Let them eat soup: French fare for the masses in Amherst

Courtesy of Chez Albert Restaurant

Perched along North Pleasant Street in the center of Amherst is a veritable jewel of a restaurant. It is inconspicuous in its architecture, sandwiched between stores, allowing its prestige and clientele to speak for itself. That restaurant is Chez Albert, a Parisian bistro in the middle of Western Massachusetts.

On a chilly Friday evening, the staff was bustling and the place was packed. That’s not too hard for the location, which is smaller than a single in Sylvan and about as pricey. After getting a table, the server poured water and it was time to take a look at the menu.

For such haute cuisine, it was surprising to discover that there was, for one, a short and rather unimpressive wine list, and apparent electricity moderation as well, with sparse lighting that comes off as Cretaceous rather than creative. Thus, this allowed very few options to imbibe while waiting for the food in the dark. Deciding on the moderately-priced French onion soup ($9) and the butternut squash soup ($8) was no challenge. However, the entrées went up from there. There is no prix fixe menu or middle ground, as the most economical entrée from thereon out is a paltry $23, which may be reasonable for dinner with parents, but for college students, it seems a bit too high.

The soup came out relatively quickly. The French onion soup was served in a rather rustic and simple style, in a classic soup crock with a small handle. It was warm and hearty, but unfortunately, those were its only merits. The onions, though plentiful, were stringy and tough, and soaked into the beef broth, imparting a flavor devoid of any other notes due to the intensity of the allium cepa. While trying other French onion soups, there have been cream or cheese based toppings to cut the tang of the onion’s flavor and mix in a different savory flavor. Nothing like that in this one, merely a bruschetta-sized baguette with more of a gruyere confetti than topping that quickly soaks up the soup, rendering it inedible.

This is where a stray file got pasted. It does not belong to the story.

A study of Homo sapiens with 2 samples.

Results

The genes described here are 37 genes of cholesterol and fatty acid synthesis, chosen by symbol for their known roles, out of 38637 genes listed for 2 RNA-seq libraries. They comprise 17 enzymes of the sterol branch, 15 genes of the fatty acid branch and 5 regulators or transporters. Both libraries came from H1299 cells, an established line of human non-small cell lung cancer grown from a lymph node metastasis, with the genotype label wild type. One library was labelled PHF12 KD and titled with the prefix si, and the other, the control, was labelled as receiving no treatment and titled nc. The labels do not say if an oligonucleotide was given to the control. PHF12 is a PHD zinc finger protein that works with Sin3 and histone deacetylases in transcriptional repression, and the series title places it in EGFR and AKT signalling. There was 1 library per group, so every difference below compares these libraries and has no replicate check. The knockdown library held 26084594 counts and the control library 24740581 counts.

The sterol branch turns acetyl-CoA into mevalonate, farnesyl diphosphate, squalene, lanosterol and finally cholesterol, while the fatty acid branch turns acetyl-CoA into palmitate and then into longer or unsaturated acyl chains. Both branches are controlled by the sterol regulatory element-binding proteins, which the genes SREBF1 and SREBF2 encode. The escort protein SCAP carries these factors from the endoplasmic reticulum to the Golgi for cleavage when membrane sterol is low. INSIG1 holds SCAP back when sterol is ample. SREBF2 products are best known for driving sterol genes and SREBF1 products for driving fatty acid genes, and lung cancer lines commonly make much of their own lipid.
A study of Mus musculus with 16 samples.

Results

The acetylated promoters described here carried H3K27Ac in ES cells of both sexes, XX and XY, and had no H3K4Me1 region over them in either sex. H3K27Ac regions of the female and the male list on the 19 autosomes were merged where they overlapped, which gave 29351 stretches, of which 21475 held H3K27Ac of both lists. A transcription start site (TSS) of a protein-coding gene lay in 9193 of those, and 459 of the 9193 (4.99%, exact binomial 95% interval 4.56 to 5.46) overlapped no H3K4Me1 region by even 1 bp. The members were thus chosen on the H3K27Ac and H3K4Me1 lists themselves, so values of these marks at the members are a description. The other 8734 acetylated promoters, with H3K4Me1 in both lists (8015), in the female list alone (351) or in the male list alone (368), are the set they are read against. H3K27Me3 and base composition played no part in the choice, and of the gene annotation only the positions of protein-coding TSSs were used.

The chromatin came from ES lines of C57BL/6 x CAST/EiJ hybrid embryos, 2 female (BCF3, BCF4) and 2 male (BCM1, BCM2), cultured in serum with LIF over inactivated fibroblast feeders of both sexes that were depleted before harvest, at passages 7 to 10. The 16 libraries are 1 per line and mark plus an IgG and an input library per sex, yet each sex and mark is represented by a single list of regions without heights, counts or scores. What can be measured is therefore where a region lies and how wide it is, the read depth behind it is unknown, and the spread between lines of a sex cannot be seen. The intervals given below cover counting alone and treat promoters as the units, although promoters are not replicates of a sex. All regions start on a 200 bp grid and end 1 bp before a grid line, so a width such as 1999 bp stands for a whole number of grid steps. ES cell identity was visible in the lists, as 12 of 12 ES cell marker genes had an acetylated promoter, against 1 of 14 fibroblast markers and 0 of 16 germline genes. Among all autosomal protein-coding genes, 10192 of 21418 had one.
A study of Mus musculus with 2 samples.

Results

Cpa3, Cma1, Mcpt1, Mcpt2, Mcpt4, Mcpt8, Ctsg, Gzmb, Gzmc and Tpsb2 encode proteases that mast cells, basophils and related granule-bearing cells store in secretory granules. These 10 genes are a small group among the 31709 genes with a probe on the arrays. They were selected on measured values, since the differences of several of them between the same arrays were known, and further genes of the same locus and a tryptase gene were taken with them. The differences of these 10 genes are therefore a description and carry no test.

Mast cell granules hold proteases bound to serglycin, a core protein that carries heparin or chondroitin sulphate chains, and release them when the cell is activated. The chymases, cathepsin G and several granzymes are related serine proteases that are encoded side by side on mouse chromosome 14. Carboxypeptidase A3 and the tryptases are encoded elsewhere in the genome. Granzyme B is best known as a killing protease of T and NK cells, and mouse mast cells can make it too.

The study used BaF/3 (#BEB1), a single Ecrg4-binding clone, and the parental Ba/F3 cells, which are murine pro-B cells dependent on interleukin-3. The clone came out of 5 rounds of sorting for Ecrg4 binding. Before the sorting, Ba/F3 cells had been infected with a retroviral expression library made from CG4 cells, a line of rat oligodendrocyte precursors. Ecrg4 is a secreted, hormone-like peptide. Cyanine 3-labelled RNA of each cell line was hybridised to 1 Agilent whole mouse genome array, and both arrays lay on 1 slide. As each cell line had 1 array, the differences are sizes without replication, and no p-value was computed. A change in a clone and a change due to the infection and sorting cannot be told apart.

The butternut squash soup fared for the better, with a multi-layered flavor from the crème fraiche and the pumpkin seeds. It was a delightful dance of spicy and sweet, indulgent and earthy, and large enough to serve two for a starting amuse bouche. If Chez Albert serves dishes to this level and depth, it’s no surprise that they’re so successful.

For such a creative array of main courses, it seems like the chef ran out of ideas while starting on pastries. Featured in the restaurant are desserts rehashed to retirement in stereotypical French cuisine – a plain crème brulee, tart tatin, what have you, but not necessarily representative of France itself. The crème brulee was fine, with a lovely, but thick, caramelization of sugar on top, requiring one to be more of a Charles Atlas than an Amélie when tapping it with a spoon to yield to the custard beneath. That being said, it’s a substantial portion, liberally dotted with vanilla bean seeds, and is a delicious, if uninventive finish to this small dinner.

Chez Albert is a charming restaurant that offers little variety, but consistent quality. While the menu may be pricey, the polished product is worth every penny. The restaurant is located at 27 South Pleasant St. in Amherst.

Jess Watsky can be reached at jwatsky@student.umass.edu.